Born into one of Italy’s most notorious mafia families, David Ruggerio fought to break free of his destiny to pursue his passion for the culinary arts. In doing so, he became a world-renowned celebrity chef, achieving top honors and fame. Now, Ruggerio returns to his Italian roots with A Tomato Grows in Brooklyn. Ruggerio takes readers back to Brooklyn and introduces them to the Italian American experience and cuisine he knows, grew up with, and adores. www.davidruggerio.com
Tell us about your childhood and where you grew up?
I did not have a “Norman Rockwell” sort of childhood. My father was part of a notorious Cosa Nostra family and was deported back to Sicily and jailed before I was born. I did not meet him till I was thirteen when he was released from jail. I was orphaned when I was five when my mother died. I was raised by my grandmother and great-grandmother in the shadows of Brooklyn’s Vanderveer projects, one of the most dangerous places in Brooklyn during the 1970s. Yet through it all, my grandmother taught me what it was to be Italian. Those two women were extraordinarily resilient and passed on to me our customs, heritage and of course the great foods of Italy.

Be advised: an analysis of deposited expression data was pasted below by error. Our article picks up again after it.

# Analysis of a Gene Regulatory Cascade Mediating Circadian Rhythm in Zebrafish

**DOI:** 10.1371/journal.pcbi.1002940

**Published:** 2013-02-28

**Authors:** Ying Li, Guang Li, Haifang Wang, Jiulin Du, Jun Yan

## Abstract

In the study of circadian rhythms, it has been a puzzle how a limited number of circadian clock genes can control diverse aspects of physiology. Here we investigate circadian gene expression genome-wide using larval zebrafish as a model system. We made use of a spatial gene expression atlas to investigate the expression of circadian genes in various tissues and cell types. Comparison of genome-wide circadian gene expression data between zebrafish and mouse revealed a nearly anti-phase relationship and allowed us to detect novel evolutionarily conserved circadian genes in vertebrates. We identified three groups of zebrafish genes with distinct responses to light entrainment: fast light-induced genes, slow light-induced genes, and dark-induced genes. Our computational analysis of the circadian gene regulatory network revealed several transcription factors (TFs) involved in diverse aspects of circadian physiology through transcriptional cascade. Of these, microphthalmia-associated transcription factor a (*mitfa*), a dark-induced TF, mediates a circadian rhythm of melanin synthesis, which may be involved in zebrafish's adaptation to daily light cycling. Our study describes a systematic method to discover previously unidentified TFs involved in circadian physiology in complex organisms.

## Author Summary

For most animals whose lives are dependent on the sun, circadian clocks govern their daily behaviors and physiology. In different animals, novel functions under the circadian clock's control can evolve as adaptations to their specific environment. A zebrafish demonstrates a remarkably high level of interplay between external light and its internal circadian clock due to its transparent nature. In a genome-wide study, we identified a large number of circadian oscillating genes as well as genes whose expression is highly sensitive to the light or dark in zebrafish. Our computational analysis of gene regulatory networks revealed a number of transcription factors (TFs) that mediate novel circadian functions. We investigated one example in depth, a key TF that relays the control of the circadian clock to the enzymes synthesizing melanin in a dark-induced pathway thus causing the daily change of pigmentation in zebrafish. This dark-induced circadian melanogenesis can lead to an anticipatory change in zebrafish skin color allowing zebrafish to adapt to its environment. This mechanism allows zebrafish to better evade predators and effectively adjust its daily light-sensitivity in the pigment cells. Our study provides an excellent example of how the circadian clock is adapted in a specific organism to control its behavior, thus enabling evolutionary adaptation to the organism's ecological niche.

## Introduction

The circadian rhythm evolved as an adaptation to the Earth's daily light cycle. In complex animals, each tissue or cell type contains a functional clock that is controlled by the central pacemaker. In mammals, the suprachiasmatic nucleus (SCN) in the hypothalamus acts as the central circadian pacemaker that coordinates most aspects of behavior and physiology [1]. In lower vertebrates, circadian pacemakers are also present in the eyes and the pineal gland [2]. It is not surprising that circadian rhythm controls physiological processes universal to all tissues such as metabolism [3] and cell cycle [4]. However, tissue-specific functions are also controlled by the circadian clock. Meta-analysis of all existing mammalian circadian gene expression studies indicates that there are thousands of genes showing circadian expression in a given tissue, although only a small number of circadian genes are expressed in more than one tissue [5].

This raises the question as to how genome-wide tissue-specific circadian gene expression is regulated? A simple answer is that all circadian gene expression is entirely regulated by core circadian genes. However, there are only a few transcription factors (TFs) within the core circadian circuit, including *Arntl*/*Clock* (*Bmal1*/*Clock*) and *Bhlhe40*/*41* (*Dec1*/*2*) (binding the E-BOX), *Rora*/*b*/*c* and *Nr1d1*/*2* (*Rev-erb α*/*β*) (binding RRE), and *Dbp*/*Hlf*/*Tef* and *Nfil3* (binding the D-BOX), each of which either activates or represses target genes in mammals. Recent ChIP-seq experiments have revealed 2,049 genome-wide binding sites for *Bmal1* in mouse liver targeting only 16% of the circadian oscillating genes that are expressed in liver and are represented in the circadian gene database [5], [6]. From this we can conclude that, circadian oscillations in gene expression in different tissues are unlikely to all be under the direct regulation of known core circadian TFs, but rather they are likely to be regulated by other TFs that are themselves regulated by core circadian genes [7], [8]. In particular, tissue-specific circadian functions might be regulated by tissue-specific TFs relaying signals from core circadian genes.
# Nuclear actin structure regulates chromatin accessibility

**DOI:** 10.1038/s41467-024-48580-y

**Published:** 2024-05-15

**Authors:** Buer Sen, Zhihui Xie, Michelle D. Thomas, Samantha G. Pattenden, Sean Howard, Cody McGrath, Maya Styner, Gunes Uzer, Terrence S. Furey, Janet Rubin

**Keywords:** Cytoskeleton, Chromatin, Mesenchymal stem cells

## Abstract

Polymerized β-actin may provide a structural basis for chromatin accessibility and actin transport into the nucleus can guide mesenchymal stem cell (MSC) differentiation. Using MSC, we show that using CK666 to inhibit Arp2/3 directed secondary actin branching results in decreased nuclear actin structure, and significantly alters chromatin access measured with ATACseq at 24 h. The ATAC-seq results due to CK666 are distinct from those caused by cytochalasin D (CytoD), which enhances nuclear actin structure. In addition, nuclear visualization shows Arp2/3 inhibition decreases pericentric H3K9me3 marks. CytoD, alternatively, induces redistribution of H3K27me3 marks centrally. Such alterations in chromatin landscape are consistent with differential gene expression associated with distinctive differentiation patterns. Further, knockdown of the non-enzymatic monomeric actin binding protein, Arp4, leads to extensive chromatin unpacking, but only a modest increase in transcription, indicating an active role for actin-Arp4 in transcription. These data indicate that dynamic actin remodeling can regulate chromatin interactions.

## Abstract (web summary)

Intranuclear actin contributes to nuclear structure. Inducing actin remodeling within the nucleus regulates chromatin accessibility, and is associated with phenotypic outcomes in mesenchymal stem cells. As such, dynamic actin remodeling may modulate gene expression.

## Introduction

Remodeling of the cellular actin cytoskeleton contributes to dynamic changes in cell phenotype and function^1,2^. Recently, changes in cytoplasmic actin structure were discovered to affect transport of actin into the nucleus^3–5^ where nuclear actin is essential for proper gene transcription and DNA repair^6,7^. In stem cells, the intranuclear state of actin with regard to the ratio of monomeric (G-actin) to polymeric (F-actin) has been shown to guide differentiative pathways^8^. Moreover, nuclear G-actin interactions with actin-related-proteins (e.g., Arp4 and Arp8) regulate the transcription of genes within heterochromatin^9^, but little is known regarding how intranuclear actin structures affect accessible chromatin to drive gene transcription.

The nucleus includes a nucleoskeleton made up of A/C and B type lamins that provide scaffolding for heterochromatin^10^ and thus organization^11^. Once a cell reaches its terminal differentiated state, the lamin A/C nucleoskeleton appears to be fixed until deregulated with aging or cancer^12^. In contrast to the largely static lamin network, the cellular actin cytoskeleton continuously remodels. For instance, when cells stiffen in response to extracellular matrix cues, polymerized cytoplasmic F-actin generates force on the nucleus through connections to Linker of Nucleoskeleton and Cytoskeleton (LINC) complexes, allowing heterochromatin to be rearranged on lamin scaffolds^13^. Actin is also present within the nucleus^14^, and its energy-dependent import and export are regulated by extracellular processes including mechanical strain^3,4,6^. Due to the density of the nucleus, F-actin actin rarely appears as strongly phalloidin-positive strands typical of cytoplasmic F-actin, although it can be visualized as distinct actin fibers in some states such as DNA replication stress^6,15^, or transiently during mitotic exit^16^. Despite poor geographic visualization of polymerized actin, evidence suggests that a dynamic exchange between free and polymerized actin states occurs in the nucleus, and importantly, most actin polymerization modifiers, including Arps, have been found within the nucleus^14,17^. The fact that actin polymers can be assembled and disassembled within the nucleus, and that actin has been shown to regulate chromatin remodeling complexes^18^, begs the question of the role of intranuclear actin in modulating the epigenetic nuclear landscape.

How did you get started as an entrepreneur?
As a teen, I followed in my father’s footsteps. I was arrested half a dozen times by the age of ten. I lived dangerously, spending my teen years in the company of one of my father’s fiercest lieutenants. At the age of seventeen, when that lieutenant murdered my finance, I realized that if I didn’t change my path in life, I would end up dead or in jail. My attention turned to a passion I had for food, passed on by my grandmother. I wanted to be the best, and in those days, that meant working in a French kitchen. With no experience, I chose my target to be one of the best restaurants in America—La Caravelle. I went thirteen times till finally, the chef hired me. It saved my life and provided me with culinary education that was second to none.
What is one business lesson you would tell a startup founder?
There is no replacement for hard work and dedication. From the first day, I stepped into the kitchen, I was the first to arrive and the last to leave. That carried on through my rise as one of the best chefs in America and right through as the host of my own cooking shows on PBS and Food Network.